With many marketers having issues scaling their first-party data, and trouble trusting their third-party data, there is a clear gap in the market. Enter second-party data. In this piece, RetailTechNews, with the help of David Morris, director of solutions consulting, EMEA, Tealium (pictured below), will shed light on how second-party data alliances can fill this gap, as marketers prepare to manage their data under the guidelines of the GDPR, as well as examining the future for third-party data.
Second-party data alliances can take many forms, but boil down to a data-sharing agreement between manufacturer and retailer, or two non-competing retail or e-commerce brands (such flowers and greetings cards). In the face of GDPR, where brands and retailers alike will need consent from their customers around how their data is used, entering into agreements such as this, which add scale to data sets and provide additional insights, could prove crucial.
Not only can it enable retailers to compete against data-rich companies such as Amazon, but, as David Morris, director of solutions consulting, EMEA, Tealium explains: “Second-party data alliances provide retailers with trusted and reliable data beyond their own first-party data. This, in turn, provides immediate value in having a wider data set to activate acquisition and retention plans against, and at the same time keeping retailers’ trust with consumers intact. There is no doubt that personalised experiences drive higher brand loyalty – which can lead to conversions – and data fuels those experiences. Finally, alliances can be relatively easy and inexpensive, from an operational technical setup, and typically don’t have the cost of buying or leasing a third-party data set for each media campaign, which means it has low cost-of-use.”
Are second-party data alliances the future for ensuring data integrity and compliance with GDPR?
With retailers and brands needing to be data-complaint by May, second-party data alliances could represent a way of ensuring compliance (as only compliant data will be shared), without compromising on the integrity of data models.
Morris highlights that: “Second-party data alliances are certainly part of the future. Tealium has seen a growing trend and active involvement in such alliances, which are seen as a key strategy to ensure much-needed data integrity to reliably and accurately attach consent to a person’s data profile.”
In addition, a brand’s key focus in an alliance is on the use and management of their own first-party data. Brands that have gathered consent will begin to see greater ownership and control over their marketing. Therefore, having a first-party data strategy brings control back to the brand; and they can choose more carefully how, and if, they share this data – second-party data alliances are an example of this. One of the great outcomes of this data sharing is the benefit to user experiences. Alliances arise out of common goals and brand values that typically correspond to consumer attitudes and culture. Data sharing can benefit customers in a number of ways – from getting the best loan for a car, access to the best hotel rooms when buying a flight, or the best credit card rewards programme.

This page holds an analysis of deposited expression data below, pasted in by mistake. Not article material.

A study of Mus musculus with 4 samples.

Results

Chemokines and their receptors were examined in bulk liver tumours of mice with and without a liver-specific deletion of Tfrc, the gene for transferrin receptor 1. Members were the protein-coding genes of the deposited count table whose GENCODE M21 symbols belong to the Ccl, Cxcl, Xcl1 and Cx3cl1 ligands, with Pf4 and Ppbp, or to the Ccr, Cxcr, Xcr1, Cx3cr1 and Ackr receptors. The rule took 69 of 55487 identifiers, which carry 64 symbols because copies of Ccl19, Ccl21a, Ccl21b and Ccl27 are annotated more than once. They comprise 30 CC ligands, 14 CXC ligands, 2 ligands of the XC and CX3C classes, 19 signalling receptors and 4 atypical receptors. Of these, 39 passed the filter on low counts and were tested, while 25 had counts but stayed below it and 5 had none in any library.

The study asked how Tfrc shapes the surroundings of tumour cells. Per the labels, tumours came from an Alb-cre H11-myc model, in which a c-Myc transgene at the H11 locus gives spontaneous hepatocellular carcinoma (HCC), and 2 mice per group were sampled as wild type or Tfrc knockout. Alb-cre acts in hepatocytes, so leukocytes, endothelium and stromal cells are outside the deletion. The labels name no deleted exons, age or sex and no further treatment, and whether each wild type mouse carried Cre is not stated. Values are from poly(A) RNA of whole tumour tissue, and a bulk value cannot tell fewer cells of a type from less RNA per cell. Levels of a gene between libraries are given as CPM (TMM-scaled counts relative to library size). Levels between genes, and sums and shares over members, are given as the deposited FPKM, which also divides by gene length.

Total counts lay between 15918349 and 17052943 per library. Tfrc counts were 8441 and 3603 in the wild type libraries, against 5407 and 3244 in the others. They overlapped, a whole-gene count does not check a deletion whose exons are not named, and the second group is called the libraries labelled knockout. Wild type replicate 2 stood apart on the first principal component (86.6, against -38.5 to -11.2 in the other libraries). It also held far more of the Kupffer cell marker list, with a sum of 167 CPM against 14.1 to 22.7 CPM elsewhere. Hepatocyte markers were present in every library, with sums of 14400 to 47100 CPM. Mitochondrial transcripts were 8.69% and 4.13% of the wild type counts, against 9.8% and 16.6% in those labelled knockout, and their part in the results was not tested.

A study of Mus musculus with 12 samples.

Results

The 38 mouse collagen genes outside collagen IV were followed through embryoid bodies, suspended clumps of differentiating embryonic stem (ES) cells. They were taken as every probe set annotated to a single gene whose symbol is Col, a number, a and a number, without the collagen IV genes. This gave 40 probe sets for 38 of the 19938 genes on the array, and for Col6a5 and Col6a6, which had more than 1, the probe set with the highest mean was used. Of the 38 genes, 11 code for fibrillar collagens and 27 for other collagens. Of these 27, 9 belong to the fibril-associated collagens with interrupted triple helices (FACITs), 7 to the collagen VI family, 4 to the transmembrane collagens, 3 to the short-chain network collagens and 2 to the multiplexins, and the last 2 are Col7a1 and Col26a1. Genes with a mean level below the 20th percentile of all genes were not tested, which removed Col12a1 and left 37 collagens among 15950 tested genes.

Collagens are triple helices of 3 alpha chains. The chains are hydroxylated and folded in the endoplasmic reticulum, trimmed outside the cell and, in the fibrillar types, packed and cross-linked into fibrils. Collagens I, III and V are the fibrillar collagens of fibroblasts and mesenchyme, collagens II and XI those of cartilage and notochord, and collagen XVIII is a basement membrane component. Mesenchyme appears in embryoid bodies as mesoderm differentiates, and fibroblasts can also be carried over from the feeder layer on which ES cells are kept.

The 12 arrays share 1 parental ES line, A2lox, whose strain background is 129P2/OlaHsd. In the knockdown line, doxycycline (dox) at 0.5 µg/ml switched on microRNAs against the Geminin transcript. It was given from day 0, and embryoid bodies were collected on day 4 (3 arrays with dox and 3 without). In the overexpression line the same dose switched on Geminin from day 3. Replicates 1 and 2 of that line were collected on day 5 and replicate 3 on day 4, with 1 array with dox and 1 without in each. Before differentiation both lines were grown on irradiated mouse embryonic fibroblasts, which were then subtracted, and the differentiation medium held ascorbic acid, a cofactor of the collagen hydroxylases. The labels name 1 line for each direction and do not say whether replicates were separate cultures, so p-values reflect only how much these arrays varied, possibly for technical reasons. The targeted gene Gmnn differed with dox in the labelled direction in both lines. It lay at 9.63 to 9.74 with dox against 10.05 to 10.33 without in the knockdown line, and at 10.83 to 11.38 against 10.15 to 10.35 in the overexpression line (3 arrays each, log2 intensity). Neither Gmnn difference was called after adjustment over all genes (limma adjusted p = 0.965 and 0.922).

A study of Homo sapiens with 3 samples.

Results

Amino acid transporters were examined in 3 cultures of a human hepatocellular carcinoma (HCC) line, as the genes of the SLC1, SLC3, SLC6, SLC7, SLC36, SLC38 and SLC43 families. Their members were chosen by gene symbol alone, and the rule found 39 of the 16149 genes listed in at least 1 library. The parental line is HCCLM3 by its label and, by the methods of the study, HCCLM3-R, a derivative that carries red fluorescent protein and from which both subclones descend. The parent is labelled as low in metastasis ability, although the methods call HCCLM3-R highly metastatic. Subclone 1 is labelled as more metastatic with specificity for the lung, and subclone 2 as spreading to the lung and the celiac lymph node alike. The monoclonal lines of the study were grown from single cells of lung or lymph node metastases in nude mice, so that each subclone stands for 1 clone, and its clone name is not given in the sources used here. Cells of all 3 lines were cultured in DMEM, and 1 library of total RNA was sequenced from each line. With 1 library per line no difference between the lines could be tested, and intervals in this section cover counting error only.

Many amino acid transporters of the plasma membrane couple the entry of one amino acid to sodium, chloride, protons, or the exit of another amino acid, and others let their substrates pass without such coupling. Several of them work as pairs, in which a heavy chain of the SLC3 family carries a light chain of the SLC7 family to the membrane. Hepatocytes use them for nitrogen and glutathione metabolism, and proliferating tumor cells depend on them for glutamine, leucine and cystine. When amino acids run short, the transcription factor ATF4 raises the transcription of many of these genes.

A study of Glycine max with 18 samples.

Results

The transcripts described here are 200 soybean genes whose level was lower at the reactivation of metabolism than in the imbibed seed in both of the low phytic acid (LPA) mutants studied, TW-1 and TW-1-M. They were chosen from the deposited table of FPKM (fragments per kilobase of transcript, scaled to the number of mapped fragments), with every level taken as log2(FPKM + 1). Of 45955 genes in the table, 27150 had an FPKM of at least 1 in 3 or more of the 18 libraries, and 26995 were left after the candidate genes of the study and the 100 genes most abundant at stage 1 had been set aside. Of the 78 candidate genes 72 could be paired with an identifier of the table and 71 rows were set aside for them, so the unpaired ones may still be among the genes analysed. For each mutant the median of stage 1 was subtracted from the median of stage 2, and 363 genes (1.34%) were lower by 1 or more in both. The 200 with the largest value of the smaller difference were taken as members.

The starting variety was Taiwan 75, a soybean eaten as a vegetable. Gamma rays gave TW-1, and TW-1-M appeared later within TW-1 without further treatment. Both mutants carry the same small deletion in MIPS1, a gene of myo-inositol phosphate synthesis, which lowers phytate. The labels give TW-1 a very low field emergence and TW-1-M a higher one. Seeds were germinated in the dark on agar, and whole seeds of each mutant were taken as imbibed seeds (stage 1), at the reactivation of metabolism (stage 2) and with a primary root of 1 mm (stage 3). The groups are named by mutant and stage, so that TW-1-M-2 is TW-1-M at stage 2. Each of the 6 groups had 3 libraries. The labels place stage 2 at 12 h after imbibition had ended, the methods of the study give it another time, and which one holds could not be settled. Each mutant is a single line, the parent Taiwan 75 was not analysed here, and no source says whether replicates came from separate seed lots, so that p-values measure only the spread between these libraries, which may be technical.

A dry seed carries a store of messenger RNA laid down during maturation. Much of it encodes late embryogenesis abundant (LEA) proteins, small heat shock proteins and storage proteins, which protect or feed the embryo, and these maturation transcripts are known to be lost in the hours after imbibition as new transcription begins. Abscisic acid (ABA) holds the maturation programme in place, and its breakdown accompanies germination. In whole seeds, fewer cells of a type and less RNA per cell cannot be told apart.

Will this change the data market as we know it?
Most retailers and brands in Europe still rely on the third-party data market. Unless you are sitting on hordes of first-party data, which few retailers other than Amazon are, then third-party data sets are crucial to scaling your data models, in order to derive meaningful insights from them. However, GDPR has raised questions around the role of the third-party data market.
Despite this, Morris outlines that “third-party data has a future, as there will always be an interest in generating more reach for brands, and first- and second-party data can only give so much insight. Sometimes, marketers need to target and talk to users that they don’t know.
“One interesting trend is the use of third-party data directly from publishers (Facebook, Google, Oath, etc.) versus independent sources. The consolidation of users on these major players enables advertisers access to massive audiences they can target using the third-party data supplied within those ecosystems. This collection of (source) and usage of (target) is readily understood and trusted between the end user, publisher, and advertiser. While closed, these ecosystems actually provide a ton of transparency to end users in their understanding of what data is collected and how it is used, compared to independent sources that provide far less insight into data-collection sources, form of aggregation via probabilistic matching, and identity pools, not to mention usage and distribution of that data.”
There’s no doubt the third-party data market will have to evolve; and those who can’t prove that the data they’re providing to retailers was gained with the user’s consent face a challenging time. However, for those who can prove this, there will still be a marketplace to help retailers and brands expand on their own first-party data, and the data gained through alliances.
This content was originally published in RetailTechNews.